The drugs we've developed to help us deal with chronic pain largely focus on suppressing its symptoms, rather than eliminating its underlying causes. By studying the way pain works in injured fruit flies, scientists have for the first time uncovered evidence that its effects can be long-lasting, something they say opens up new opportunities for more effective treatments in humans.

"People don't really think of insects as feeling any kind of pain," said Associate Professor Greg Neely at the University of Sydney, Australia, who led the research. "But it's already been shown in lots of different invertebrate animals that they can sense and avoid dangerous stimuli that we perceive as painful. In non-humans, we call this sense 'nociception', the sense that detects potentially harmful stimuli like heat, cold, or physical injury, but for simplicity we can refer to what insects experience as 'pain'."

Fruit flies often serve as models in studies of this kind because they possess far smaller and simpler genomes than other animals, which scientists can tinker with to understand different behaviors and conditions in humans. In the past, we've seen scientists get them drunk to understand why hangovers occur and study certain fruit fly proteins that could help us live longer and healthier lives.

Scientists first learned that fruit flies could experience something resembling pain back in 2003, but the evidence only alluded to short-lived discomfort. Scientists at the University of Sydney have again enlisted the winged insect in a bid to probe the mysteries of human pain, this time around producing what they say is the first genetic evidence of chronic pain that endures long after the initial injury has healed.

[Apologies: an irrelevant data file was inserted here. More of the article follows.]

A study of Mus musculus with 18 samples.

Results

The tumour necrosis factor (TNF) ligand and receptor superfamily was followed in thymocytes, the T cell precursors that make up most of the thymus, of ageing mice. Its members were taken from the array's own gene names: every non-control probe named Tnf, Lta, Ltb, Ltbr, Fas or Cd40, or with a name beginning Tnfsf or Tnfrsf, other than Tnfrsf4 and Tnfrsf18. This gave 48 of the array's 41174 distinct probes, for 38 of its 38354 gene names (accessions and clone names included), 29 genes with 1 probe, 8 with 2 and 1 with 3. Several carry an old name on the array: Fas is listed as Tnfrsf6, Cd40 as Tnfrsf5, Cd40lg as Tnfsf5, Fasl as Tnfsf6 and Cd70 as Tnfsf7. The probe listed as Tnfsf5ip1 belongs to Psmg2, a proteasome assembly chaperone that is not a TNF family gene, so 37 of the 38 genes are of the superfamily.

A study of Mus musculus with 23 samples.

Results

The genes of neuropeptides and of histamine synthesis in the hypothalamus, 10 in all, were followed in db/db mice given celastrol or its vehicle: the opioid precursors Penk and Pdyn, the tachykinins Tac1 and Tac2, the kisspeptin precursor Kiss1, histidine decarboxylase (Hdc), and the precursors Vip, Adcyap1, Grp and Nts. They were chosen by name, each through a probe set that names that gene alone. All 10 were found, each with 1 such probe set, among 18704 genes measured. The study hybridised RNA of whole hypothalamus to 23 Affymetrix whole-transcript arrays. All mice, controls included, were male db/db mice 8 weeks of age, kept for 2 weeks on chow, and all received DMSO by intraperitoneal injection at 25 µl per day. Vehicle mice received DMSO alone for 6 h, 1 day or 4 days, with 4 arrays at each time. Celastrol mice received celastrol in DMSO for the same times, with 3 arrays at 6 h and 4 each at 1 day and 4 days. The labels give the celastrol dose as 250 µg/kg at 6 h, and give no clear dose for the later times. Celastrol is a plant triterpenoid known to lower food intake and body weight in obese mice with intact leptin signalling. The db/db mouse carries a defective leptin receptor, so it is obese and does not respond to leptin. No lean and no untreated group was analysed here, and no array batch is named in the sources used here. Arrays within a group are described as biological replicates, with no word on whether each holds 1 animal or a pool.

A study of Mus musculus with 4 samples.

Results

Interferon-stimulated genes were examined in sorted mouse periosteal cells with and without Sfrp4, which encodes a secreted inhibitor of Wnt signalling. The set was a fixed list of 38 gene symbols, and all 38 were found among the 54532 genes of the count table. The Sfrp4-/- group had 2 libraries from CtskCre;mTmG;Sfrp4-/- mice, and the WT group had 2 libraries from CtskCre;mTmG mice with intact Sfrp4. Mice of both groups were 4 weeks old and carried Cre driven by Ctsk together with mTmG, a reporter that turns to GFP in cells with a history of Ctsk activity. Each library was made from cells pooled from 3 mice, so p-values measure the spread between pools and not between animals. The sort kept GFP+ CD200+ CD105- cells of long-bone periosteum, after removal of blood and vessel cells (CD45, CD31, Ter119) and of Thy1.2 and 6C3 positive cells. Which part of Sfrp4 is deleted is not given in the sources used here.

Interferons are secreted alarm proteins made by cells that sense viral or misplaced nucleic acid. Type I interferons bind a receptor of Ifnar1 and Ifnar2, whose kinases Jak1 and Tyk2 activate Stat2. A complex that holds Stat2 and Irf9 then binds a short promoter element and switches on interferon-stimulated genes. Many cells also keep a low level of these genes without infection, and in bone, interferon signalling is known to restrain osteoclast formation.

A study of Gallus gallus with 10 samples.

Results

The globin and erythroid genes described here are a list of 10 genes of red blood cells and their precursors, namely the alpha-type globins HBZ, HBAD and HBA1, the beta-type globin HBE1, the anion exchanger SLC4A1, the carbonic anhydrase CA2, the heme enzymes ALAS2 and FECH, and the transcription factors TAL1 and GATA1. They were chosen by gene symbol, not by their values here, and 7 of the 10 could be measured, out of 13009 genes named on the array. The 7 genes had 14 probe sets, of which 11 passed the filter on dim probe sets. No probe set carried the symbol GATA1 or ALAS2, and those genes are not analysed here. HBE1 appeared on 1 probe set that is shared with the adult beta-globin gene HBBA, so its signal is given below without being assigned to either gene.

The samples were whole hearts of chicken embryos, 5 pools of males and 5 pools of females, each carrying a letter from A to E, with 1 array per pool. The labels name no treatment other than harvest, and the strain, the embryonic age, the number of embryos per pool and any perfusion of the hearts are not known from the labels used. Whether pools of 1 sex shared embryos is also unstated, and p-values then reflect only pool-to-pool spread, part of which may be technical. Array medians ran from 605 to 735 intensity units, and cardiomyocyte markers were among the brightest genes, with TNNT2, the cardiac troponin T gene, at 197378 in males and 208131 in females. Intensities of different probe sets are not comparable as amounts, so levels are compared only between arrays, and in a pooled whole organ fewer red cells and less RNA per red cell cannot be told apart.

"So we knew that insects could sense 'pain', but what we didn't know is that an injury could lead to long lasting hypersensitivity to normally non-painful stimuli in a similar way to human patients' experiences," says Neely.

To arrive at this finding, Neely and his team damaged a nerve in one leg of a fruit fly and left it to heal. Though the acute pain had passed, the researchers found the fly's other legs had also become hyper-sensitive. Further investigation pinned the reasons for this on what the researchers describe as pain brakes, which reside in the fly's ventral nerve cord (its version of a spinal cord) and control the flow of pain signals through its body.

"After the injury, the injured nerve dumps all its cargo in the nerve cord and kills all the brakes, forever," says Neely. "Then the rest of the animal doesn't have brakes on its 'pain'. The 'pain' threshold changes and now they are hypervigilant."

In humans, a state of hypervigilance can mean a sustained, heightened sensitivity to pain, which leads to chronic pain. This research focused on one form, known as neuropathic pain, which arises from damage to the nervous system (inflammatory pain is the other type of chronic pain). The researchers believe similar braking mechanisms might be at play when it comes to neuropathic pain humans, but in a different sort of way.

Animal's release these pain brakes as a survival mechanism in response to dangerous situations, but when the brakes are released in humans, it condemns them to sustained discomfort. Thankfully, this research opens up new possibilities around how we might be able to put them back in place.

"Importantly now we know the critical step causing neuropathic 'pain' in flies, mice and probably humans, is the loss of the pain brakes in the central nervous system, we are focused on making new stem cell therapies or drugs that target the underlying cause and stop pain for good," says Neely.

The research has been published in the journal Science Advances.